David Ortiz doesn’t give a [expletive] about what you think makes a leader


Since that meeting, by the way, the Sox have won 9 of 11 and the starting pitcher has been back on point.  Which, if you’re into these sorts of stories, makes David Ortiz look a hell of a lot like a team leader.  And, while he has done nothing to proclaim himself a leader  publicly — indeed, he was irked that the story of the team meeting leaked out  — Ortiz bristled at the Boston media’s notion of what a leader looks like. From Gordon Edes’ article:

“Well, let me tell you, I was reading an article [that] talked about the leaders people call ‘leaders’ in this town,” he said. “Basically, it seems like no matter what you do, it’s not good enough. And you can only call leaders the guys who are out diving for balls on the field or calling pitches behind the plate?” …

… “No. 1, I don’t agree with that,” Ortiz said. “And No. 2, what I do I don’t do for people to know. I do it for my teammates, to get to know things better. I don’t give a [expletive] about anybody knowing what we talk about, No. 1. And No. 2, I don’t give a [expletive] what they call leaders …

He went on to say “I don’t get no respect.” Which, while if it was said in an isolated way, could come off petty or self-centered.  But I think in context with all of this other stuff, he has a pretty good point.

Our ideas about leadership in sports are kinda screwy. When things go well for a ballclub, we look at certain people and call them leaders. When they go poorly, we rarely blame them for their lack of leadership. A couple of writers asked where Jason Varitek was when it was allegedly all going to hell for the Sox last September, but it was certainly a minority view. For the most part, guys who are cast as captains are only talked about in those terms when things go well. When things go poorly it’s because of screwups like Josh Beckett.

And, as Ortiz may or may not have intended to imply, it’s funny how the people we call leaders on ballclubs tend to fit a certain type. Everyday position players who, coincidentally or not, are often scrappy or fiery players. And, coincidentally or not, are usually white dudes. Why couldn’t David Ortiz be a leader? Why must someone like Dustin Pedroia be assumed to be? Why must it be a vocal person as opposed to someone who leads by example or behind the scenes? Why must it be one person? I often get the sense that we writers unconsciously project leadership on people who have traits that we understand or share ourmselves because it makes something amorphous and complicated a lot more understandable to us.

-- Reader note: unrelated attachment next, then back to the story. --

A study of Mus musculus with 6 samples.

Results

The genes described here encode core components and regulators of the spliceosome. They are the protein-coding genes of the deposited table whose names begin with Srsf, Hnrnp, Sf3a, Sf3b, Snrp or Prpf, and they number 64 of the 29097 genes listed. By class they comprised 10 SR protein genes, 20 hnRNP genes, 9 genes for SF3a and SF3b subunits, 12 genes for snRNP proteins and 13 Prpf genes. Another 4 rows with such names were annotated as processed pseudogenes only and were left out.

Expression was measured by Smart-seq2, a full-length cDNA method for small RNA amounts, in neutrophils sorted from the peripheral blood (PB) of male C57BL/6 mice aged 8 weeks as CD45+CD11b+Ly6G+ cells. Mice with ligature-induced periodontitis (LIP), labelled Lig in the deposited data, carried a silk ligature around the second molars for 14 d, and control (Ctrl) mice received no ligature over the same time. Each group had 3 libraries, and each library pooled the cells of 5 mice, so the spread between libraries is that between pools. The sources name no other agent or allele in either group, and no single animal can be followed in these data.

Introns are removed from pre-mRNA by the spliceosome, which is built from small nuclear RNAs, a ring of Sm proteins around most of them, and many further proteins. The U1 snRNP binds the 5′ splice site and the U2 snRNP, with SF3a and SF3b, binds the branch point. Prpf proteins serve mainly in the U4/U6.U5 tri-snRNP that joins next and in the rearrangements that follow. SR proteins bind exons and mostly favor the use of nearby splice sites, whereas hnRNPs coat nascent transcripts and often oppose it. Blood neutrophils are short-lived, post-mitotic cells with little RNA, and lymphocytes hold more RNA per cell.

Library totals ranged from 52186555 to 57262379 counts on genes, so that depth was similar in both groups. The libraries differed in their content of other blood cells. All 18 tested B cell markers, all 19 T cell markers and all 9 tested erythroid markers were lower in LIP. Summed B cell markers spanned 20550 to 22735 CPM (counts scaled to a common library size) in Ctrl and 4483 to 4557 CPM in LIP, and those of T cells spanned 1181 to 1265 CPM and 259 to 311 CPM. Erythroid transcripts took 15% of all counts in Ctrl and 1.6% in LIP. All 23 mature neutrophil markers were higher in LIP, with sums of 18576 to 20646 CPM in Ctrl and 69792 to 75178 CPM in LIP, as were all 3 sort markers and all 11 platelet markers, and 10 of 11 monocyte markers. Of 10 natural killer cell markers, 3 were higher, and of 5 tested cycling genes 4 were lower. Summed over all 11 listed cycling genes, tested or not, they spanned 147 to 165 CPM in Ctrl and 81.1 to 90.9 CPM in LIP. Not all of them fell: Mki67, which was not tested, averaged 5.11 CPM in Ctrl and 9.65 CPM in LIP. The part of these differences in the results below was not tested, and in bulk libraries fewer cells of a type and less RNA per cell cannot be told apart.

Anyway, I’m not saying that Ortiz is a great leader. I have no idea what he does along those lines. Maybe he had a good moment with that team meeting and the rest of the time he’s like everyone else.  Maybe the Sox’ good play of late is a total coincidence (if the Sox played poorly for the past week, would the narrative be “Ortiz sows dissension in the clubhouse?”).

But I can certainly see how he or other players could get a bit rankled when it comes to the leadership talk we like so much in the media.

(Thanks to reader Big Leagues for the heads up)

Ken Giles: ‘I’m actually enjoying the game more than I did for my entire tenure in Houston’


Giles also said “the communication was lost” with the Astros and it was something that came easy with the Jays. He said, “When I came here, they stayed patient with me. I said hey, I want to work on this thing till I’m comfortable. All right. OK, I’m comfortable, let’s move on to this next thing. Pitching, you can’t just try to fix everything at once. For me, I had to take baby steps to get my groove back. The Jays allowed me to do that. Yeah, the team was out of contention, but it doesn’t matter. It’s still my career. I still have to prove myself. Them being so patient with me, understanding what I want to do, was very, very big.”

Giles, 28, has two more years of arbitration eligibility remaining. He has shown promise despite his overall mediocre numbers. In non-save situations this season (with both the Astros and Jays), he has a 9.12 ERA. But in save situations, his ERA is a pristine 0.38. Giles could be a closer the Jays find themselves leaning on as they attempt to get back into competitive shape. Since it sounds like Giles is quite enamored with Toronto and with the Blue Jays, a discussion about a contract extension certainly could be had.